By this measure, Snowflake’s IPO wasn’t such a a success after all


Prior to the offering, Snowflake’s team of two-dozen underwriters, led by Goldman Sachs and Morgan Stanley, sold 28 million newly-issued shares to their institutional clients at a price of $120. That part of the sale raised $3.36 billion, less commissions of $106 million, netting $3.254 billion for Snowflake’s treasury. But it also garnered additional cash by selling an extra 2.083 million shares each to Warren Buffett’s Berkshire Hathaway, and cloud startup investor Salesforce Ventures at the same price. Technically, the 4.17 million share-deals qualified as a separate secondary offerings following the IPO.

The bankers also reserved the right to boost the allocation for their customers by 4.2 million shares, via an “over allotment” provision known as the “green shoe.” As it turned out, demand was so strong that the underwriters found eager buyers among their clients for the green shoe shares as well. That brought the full number sold to around 36.4 million. After fees, the three transactions brought Snowflake $4.364 billion in cash.

As often happens in glamor IPOs, investors willing to pay a lot more than $120 a share either couldn’t get any shares, or obtained only a fraction of what they wanted. When Snowflake debuted, they arrived en masse, pushing the price by the opening day close up 112% to $253.93. Had Snowflake sold those 36.4 million shares via a direct listing, or an auction process that captured the shares’ full value, it would have amassed, even after the same $106 million in fees, $9.24 billion. So the eight-year old phenom in effect sacrificed $4.88 billion. In other words, it “paid” $1.12 in foregone funds for every dollar it raised.

Snowflake’s CEO Frank Slootman defended the pricing in an interview with Fortune on Wednesday. The company wanted to sell IPO shares to large and steady institutional shareholders who wouldn’t pay the highest price, he said, while deriding the later trading action as the “frothy, opportunistic retail side.”

That $4.88 billion is by far the largest foregone amount in a dozen years, and ranks second to Visa’s underpricing of $5.85 billion at its entrance in 2008. This year has featured many of the biggest first-day bounces ever for IPOs. No fewer than 13 of the 60 biggest amounts ever left on the sidelines came in the first eight-and-a-half months of 2020. Yet all the other spikes pale beside the Snowflake pop. Snowflake’s first-day-shortfall was twice as large as that logged by number two, Corvis, and an amount equal to the count for the next four combined, Royalty Pharma, Zoominfo, Vroom, and nCino.

Of course, foregoing $4.88 billion may not seem too much of a loss when the investors reckon your company’s worth fifteen-times that number, or as we’ll see, even more. Still, Snowflake is a young, fast-sprinting player that’s now burning over $200 million a year in cash, and will need increasing amounts of capital to keep racing. Having an extra almost-$5 billion in its coffers would provide plenty of additional fuel for future expansion. Piling all that extra cash on its balance sheet would also have raised its book value, and hence its valuation by a not inconsiderable almost 7%.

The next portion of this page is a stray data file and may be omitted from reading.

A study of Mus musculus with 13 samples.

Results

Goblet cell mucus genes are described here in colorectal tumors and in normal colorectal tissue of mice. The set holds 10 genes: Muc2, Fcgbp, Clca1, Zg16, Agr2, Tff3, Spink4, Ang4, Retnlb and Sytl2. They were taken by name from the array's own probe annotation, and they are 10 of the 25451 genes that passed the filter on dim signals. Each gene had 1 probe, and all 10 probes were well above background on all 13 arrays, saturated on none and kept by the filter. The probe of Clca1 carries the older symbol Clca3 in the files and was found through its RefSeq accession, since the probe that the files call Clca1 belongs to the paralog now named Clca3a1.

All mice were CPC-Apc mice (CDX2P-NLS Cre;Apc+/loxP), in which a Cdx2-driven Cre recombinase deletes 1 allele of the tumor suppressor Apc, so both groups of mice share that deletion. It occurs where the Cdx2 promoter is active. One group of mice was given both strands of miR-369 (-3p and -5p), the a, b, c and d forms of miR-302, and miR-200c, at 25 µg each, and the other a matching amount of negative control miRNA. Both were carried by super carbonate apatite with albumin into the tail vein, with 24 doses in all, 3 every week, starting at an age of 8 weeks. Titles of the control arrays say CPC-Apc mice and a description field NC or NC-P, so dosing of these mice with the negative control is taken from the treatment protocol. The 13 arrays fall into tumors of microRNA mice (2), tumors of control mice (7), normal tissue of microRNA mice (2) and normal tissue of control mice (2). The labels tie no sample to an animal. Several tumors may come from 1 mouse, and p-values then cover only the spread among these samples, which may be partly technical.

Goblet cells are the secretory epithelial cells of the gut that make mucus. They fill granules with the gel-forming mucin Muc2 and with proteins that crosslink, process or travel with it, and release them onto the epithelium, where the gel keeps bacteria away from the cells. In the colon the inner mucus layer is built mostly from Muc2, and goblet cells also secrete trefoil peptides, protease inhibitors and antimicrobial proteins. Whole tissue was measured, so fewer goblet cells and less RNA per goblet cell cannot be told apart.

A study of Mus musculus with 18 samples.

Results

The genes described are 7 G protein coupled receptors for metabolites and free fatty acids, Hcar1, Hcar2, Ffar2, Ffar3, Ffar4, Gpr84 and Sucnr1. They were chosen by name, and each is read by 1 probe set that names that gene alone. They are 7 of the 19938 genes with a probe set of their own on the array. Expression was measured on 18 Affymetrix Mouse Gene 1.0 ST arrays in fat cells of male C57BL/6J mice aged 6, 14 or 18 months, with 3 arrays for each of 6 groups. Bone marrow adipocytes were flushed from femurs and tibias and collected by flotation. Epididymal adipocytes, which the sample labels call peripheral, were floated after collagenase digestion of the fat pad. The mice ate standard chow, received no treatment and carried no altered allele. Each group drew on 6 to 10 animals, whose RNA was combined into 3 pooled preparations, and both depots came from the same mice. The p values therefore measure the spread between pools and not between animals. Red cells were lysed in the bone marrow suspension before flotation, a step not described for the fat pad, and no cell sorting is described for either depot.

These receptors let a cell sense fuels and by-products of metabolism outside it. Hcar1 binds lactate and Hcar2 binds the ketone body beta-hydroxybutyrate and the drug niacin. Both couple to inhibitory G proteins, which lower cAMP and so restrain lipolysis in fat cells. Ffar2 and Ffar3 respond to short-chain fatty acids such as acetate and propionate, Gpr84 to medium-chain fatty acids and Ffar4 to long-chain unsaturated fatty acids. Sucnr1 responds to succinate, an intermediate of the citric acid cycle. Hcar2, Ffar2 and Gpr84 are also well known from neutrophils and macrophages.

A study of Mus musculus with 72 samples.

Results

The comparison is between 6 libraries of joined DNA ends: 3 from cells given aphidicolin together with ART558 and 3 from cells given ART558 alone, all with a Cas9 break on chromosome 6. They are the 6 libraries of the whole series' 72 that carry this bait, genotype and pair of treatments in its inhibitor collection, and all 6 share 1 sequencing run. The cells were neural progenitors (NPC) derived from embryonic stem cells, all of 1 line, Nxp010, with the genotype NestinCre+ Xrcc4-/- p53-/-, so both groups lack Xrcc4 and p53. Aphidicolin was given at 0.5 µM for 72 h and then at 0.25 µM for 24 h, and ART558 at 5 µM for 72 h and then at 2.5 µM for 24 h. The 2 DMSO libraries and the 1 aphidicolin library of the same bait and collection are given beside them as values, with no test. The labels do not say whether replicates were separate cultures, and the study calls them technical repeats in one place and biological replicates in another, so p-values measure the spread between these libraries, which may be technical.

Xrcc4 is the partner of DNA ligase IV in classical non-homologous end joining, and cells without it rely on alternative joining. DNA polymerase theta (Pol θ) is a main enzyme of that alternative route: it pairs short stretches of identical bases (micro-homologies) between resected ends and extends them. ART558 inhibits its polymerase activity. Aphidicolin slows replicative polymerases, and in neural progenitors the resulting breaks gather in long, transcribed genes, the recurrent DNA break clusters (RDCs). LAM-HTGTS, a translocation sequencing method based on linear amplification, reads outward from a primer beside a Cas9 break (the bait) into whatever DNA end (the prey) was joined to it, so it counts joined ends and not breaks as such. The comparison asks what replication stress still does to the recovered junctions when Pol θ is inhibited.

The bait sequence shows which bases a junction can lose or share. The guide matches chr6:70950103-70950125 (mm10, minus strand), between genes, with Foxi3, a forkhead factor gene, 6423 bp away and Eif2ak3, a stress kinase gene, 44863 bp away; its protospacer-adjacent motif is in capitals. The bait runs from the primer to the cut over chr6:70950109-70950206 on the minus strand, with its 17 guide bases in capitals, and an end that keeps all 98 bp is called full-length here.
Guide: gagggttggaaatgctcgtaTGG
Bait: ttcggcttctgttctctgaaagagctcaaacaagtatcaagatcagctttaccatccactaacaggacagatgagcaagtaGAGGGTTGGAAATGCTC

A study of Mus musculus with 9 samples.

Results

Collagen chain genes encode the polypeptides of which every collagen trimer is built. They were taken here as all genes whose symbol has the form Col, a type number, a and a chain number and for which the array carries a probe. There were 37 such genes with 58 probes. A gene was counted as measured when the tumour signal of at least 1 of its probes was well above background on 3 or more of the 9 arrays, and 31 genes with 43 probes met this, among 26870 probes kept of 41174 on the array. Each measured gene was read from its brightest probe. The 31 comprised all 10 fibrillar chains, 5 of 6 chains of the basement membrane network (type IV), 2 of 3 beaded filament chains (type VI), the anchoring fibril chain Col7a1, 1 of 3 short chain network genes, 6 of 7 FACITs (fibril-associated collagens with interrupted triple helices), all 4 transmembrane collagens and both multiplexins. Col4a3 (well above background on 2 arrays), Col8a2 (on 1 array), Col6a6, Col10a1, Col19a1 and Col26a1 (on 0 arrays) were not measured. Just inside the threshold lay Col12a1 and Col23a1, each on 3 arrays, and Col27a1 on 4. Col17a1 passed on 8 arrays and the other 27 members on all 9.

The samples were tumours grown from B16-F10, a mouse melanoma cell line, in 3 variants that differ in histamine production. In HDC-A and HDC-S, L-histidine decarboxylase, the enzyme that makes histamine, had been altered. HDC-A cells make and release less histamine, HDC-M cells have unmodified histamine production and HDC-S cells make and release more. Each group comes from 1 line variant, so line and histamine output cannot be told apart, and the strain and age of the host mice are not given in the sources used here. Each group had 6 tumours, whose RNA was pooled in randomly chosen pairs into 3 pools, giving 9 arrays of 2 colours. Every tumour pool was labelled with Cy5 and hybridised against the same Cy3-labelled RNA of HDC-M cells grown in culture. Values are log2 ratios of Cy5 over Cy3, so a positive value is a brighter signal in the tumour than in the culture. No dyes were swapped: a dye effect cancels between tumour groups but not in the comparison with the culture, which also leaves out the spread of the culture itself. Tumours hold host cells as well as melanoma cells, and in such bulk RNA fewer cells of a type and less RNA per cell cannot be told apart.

In reality, investors on opening day were valuing Snowflake at a lot more than $70 billion. That’s because its total shares outstanding will grow substantially in the years ahead because of generous grants to its employees. Its prospectus discloses that Snowflake has awarded 72.2 million options, and another 7.7 million shares of restricted stock, or roughly 80 million in shares poised to swell the float. The average exercise price on the options is a paltry $6.70, and the company has met the targets required for the restricted stock to vest. In fact, the prospectus discloses that 24 million of the options have already vested.

“In most cases, since options vest over several years and employees often leave before the options and restricted shares vest, many of the shares expire and aren’t added to the float,” says Ritter. “But in the case of Snowflake, the options are so far in the money that it’s the ultimate in golden handcuffs. Who would want to leave and sacrifice shares now selling at forty-times the strike price?”

Right now, it looks like almost all of those 80 million shares-in-waiting will add to Snowflake’s current float of around 280 million, lifting the total by 29% to 360 million. So that looming dilution means Snowflake is sporting––at the September 16 price of around $250–– what we’ll call a shadow valuation of more like $90 billion.

That’s the number that counts. The $90 billion bogey will dictate what Snowflake must earn going forward to provide the big returns investors are expecting. In these heady times, foregoing almost $5 billion may seem a small price to pay for notching an IPO that both succeeded in raising billions and brought a rousing vote of confidence by bestowing one of the richest valuations in tech history. But if times turn stormy, Snowflake’s leaders could rue letting all that rainy day money get away.